For Senta Georgia, PhD, stem cell research offers a window into much more than the biology of pancreatic cells and diabetes.
“Molecular biology is elegant,” said Georgia, principal investigator at the Saban Research Institute of Children’s Hospital Los Angeles (CHLA) and assistant professor at the Keck School of Medicine of USC. “And what really moves me is that it’s simple, and it’s the underpinnings of how life actually works. It’s almost a spiritual insight into how life is put together, how it works.”
Georgia always wanted to be a scientist — although her initial interests were much bigger than molecules. As the eldest of three children growing up in the army town of Pemberton, New Jersey, she dreamt of becoming a paleontologist and remembers building a papier-mâché dinosaur with her mother. Her aspirations shifted to archeology after she learned about ancient Egypt. By sixth grade, whales and marine biology captured her imagination, but she “couldn’t put that into a broader social context for curing disease or helping people,” she said. “I also figured out that I’m deathly afraid of the idea of jumping into the ocean!”
She discovered genetics when her ninth-grade class took a field trip to a company that was developing sequencing technology to advance the human genome project, and this inspired her interest in molecular biology. She majored in biological sciences and minor in ethics in society at Stanford University.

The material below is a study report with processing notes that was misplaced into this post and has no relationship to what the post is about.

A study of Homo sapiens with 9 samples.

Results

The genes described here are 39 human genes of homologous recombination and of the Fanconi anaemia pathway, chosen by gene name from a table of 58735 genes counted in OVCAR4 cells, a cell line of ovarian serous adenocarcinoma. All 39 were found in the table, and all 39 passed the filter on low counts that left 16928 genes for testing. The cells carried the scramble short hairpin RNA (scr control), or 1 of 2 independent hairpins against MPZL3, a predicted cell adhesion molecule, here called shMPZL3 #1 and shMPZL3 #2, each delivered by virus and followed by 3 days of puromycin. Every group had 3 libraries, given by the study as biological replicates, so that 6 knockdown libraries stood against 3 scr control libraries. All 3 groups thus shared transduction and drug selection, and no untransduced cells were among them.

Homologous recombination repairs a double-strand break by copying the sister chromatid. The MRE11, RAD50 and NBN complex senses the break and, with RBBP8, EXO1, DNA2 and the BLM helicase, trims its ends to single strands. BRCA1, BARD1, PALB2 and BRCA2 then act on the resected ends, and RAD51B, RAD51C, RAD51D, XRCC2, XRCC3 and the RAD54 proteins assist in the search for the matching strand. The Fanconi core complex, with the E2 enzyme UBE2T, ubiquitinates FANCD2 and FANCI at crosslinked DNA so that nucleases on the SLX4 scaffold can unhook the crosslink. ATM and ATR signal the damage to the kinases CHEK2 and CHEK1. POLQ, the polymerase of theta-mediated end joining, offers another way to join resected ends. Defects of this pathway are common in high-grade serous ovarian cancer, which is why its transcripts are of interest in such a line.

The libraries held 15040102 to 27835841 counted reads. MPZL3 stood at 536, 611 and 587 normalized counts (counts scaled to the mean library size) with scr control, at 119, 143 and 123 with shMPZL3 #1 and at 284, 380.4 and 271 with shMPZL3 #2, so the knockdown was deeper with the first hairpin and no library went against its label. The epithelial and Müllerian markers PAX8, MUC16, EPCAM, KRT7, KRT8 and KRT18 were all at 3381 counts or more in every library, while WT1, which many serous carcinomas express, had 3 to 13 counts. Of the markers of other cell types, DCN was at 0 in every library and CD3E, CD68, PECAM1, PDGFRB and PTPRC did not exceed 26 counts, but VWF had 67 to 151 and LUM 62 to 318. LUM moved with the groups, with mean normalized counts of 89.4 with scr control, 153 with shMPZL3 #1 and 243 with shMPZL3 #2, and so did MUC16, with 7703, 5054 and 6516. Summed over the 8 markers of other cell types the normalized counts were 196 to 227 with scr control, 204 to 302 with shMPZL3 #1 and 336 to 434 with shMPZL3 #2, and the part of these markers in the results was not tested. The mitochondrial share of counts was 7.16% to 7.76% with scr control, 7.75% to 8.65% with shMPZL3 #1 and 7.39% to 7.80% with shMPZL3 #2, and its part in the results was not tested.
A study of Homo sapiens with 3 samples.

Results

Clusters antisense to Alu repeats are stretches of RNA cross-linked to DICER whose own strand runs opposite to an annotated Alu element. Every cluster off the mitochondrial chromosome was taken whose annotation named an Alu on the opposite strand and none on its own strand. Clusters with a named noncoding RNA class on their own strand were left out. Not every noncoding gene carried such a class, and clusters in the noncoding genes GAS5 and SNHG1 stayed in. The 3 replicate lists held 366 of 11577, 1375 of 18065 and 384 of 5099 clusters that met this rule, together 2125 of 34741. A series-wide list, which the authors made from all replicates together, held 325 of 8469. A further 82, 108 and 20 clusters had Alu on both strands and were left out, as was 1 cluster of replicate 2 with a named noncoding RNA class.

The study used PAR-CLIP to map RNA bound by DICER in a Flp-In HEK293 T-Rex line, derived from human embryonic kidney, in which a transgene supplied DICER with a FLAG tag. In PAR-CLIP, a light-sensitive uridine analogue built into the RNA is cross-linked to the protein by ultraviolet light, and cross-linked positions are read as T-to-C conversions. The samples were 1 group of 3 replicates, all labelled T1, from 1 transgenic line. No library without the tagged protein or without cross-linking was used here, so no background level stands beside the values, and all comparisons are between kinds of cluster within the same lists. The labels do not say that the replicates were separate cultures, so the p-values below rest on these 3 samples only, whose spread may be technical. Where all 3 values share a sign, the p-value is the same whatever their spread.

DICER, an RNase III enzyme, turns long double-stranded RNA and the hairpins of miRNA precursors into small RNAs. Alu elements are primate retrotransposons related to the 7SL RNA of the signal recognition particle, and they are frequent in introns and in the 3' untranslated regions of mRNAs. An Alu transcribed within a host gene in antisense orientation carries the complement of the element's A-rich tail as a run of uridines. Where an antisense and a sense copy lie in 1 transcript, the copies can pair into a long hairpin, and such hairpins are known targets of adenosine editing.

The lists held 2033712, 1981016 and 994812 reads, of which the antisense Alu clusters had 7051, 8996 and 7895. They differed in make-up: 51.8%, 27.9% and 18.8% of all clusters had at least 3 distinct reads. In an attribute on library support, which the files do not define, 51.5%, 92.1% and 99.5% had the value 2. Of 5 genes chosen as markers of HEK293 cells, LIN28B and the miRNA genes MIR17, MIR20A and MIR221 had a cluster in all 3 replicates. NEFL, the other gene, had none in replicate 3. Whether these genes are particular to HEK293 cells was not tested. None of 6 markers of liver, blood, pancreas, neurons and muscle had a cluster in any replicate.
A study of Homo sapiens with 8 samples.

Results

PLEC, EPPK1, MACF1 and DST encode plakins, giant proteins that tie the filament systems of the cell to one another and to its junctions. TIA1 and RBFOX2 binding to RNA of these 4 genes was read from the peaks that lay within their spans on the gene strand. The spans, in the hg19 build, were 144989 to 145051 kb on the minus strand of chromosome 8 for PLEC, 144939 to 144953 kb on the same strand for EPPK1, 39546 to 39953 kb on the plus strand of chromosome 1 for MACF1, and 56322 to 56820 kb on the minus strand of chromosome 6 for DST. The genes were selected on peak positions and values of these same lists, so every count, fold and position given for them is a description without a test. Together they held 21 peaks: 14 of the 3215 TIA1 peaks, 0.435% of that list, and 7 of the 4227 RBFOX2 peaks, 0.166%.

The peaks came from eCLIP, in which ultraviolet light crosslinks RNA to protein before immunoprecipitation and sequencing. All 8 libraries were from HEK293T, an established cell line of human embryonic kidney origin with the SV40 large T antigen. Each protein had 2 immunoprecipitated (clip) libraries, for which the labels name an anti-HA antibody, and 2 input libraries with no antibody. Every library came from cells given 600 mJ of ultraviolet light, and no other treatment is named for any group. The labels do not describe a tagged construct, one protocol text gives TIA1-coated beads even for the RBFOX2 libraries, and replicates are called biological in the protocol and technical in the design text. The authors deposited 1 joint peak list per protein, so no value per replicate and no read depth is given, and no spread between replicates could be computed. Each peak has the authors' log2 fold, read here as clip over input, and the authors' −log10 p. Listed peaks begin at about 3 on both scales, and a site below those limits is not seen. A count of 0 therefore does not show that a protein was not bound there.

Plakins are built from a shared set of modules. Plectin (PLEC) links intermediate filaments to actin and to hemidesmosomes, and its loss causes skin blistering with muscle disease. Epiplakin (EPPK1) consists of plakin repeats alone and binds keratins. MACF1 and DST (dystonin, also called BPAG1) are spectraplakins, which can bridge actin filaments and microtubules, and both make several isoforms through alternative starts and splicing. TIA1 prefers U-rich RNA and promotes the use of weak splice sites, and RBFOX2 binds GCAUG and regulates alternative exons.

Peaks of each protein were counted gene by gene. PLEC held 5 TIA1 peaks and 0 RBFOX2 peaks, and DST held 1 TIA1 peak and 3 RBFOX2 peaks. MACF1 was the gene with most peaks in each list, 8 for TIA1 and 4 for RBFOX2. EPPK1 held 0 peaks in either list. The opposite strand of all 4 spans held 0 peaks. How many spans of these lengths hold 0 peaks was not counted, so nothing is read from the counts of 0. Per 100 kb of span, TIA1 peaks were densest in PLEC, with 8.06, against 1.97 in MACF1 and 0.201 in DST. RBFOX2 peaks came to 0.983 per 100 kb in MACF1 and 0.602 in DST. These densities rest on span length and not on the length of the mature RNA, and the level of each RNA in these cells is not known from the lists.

After graduation, she worked as a research technician in the lab of Anil Bhushan, PhD, who was studying pancreatic development at CHLA. She also worked with Bhushan as a PhD student and eventually followed him to UCLA. She completed her dissertation about the differentiation, self-renewal and regeneration of beta cells — pancreatic cells that produce, store and release insulin, which lowers blood sugar concentrations.
She accepted a postdoctoral fellowship and assistant adjunct professorship at UCLA’s Larry L. Hillblom Islet Research Center. Over time, she became increasingly interested in questions of how undifferentiated cells become and remain beta cells.
Beta cells don’t replicate easily: current estimates are that they last between five and 20 years. This fact drove Georgia’s curiosity about intestinal stem cells, which continuously replace themselves. She received a Mentored Research Scientist Development Award (K01) from the National Institutes of Health (NIH) and studied endocrine cell differentiation in the intestines with UCLA’s Martín Martín, MD.
Her study inspired the project that currently occupies her lab at Children’s Hospital Los Angeles: trying to induce intestinal stem cells to make insulin. The ultimate objective is to use these cells to treat both Type 1 and Type 2 diabetes.
“We are interested in helping people,” said Georgia, “and so that means a lot.”